The campfire was the universal leveller of bush life for it was around its warmth that the boss and the men were equal. The mug of tea, often referred to as ‘jack the painter’ because of the stain the strong brew left around the mouth, was seen as the ‘peace pipe’. There was contentment and joy in sipping the sweet China tea as you shared a yarn, a song and, of course, a poem. From The Native Companion Songster.
You can talk of your whiskey and talk of your beer,
But there’s something much nicer that’s waiting us here.
It sits by the fire beneath the gum-tree.
There’s nothing guite like it – a billy of tea.
So fill up your tumblers as high as you can,
And don’t you dare tell me it’s not the best plan.
You can let all your beer and your spirits go free –
I’ll stick to me darling old billy of tea.
Well I rise in the morning before it gets light,
And I go to the nosebag to see it’s alright,
That the ants on the sugar no mortgage have got,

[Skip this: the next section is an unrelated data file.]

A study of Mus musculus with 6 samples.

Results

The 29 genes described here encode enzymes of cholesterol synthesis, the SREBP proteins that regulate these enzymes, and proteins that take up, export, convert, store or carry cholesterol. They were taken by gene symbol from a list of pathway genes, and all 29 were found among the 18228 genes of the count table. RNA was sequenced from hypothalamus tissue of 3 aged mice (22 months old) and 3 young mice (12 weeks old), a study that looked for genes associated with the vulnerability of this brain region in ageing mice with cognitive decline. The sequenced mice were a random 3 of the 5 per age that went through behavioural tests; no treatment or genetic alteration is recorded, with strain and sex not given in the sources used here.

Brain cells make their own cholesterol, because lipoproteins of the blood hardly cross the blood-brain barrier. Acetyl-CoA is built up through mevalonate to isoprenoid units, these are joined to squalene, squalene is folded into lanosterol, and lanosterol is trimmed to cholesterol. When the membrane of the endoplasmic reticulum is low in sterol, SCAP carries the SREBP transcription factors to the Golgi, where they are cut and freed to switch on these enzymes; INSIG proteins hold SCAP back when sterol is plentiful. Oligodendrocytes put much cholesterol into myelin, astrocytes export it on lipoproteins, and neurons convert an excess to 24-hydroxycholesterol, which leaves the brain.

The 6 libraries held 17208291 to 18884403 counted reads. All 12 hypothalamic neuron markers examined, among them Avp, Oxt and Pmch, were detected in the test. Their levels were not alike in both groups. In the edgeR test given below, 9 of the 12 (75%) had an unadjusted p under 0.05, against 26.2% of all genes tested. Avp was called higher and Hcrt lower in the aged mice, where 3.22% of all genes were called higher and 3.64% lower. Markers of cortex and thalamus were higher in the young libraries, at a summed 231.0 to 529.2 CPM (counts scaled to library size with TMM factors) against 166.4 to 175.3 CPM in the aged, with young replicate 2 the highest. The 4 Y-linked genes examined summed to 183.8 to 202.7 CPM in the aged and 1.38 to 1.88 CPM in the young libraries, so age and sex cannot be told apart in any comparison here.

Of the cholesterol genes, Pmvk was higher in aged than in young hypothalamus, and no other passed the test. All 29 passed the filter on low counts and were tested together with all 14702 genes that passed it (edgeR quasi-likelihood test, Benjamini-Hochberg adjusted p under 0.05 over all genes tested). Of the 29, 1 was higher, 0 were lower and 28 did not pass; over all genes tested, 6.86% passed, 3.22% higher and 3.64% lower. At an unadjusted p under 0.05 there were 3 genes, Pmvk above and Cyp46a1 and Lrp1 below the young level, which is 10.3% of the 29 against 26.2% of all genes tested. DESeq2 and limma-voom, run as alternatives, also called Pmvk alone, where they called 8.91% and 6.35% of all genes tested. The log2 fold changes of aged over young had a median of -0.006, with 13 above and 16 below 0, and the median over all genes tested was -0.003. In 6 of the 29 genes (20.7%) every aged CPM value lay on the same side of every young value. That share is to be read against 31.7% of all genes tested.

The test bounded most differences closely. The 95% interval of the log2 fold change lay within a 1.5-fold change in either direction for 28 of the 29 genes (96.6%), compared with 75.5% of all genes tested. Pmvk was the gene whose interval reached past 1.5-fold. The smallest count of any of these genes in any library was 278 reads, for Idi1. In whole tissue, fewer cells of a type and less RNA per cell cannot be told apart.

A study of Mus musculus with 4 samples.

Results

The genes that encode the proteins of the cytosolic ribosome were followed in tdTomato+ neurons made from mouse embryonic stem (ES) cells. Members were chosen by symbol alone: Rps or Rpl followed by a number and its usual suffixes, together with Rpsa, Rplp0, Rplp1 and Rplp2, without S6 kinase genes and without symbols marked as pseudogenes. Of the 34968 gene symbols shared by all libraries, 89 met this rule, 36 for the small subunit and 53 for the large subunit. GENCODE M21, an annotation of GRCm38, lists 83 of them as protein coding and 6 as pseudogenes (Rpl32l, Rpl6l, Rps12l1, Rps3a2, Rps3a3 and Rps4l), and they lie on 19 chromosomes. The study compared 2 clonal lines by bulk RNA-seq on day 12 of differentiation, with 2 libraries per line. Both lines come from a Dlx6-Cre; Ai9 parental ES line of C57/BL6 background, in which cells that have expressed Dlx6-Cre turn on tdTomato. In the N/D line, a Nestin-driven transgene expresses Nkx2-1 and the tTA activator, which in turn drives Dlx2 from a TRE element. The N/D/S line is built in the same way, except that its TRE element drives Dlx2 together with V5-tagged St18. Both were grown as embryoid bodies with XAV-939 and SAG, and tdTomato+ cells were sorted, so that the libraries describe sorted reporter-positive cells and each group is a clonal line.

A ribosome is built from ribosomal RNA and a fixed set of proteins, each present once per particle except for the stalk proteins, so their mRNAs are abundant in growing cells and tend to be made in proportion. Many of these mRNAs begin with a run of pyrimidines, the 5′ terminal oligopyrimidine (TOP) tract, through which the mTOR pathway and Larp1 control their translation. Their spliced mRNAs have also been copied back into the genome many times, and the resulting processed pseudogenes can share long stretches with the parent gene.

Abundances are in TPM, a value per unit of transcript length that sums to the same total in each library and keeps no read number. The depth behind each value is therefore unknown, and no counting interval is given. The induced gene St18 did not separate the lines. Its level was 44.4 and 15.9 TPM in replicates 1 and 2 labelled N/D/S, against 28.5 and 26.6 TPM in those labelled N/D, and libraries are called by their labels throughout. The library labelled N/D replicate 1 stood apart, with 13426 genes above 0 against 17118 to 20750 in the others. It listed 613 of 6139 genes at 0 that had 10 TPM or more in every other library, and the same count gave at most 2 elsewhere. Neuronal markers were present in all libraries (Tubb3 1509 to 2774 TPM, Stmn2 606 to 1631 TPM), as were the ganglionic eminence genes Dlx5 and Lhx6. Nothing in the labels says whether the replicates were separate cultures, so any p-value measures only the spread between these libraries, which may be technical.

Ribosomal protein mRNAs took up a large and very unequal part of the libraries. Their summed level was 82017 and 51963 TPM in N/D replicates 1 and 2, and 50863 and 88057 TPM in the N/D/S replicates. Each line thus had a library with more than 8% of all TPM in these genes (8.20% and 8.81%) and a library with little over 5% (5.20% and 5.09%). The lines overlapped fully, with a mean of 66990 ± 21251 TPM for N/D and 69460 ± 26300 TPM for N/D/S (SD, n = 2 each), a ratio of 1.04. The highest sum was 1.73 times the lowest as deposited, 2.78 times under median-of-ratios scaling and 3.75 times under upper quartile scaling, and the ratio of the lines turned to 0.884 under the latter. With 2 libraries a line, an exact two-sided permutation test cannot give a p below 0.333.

And straight away sling my old black billy-pot,
And while it is boiling the horses I seek,
And follow them down as far as the creek.
I take off their hobbles and let them run free,
Then haste to tuck into my billy of tea.
And at night when I camp, if the day has been warm,
I give to my horses their tucker of corn.
From the two in the pole to the one in the lead,
A billy for each holds a comfortable feed.
Then the fire I make and the water I get,
And corned beef and damper in order I set,
But I don’t touch the grub, though so hungry I be –
I wait till it’s ready – my billy of tea!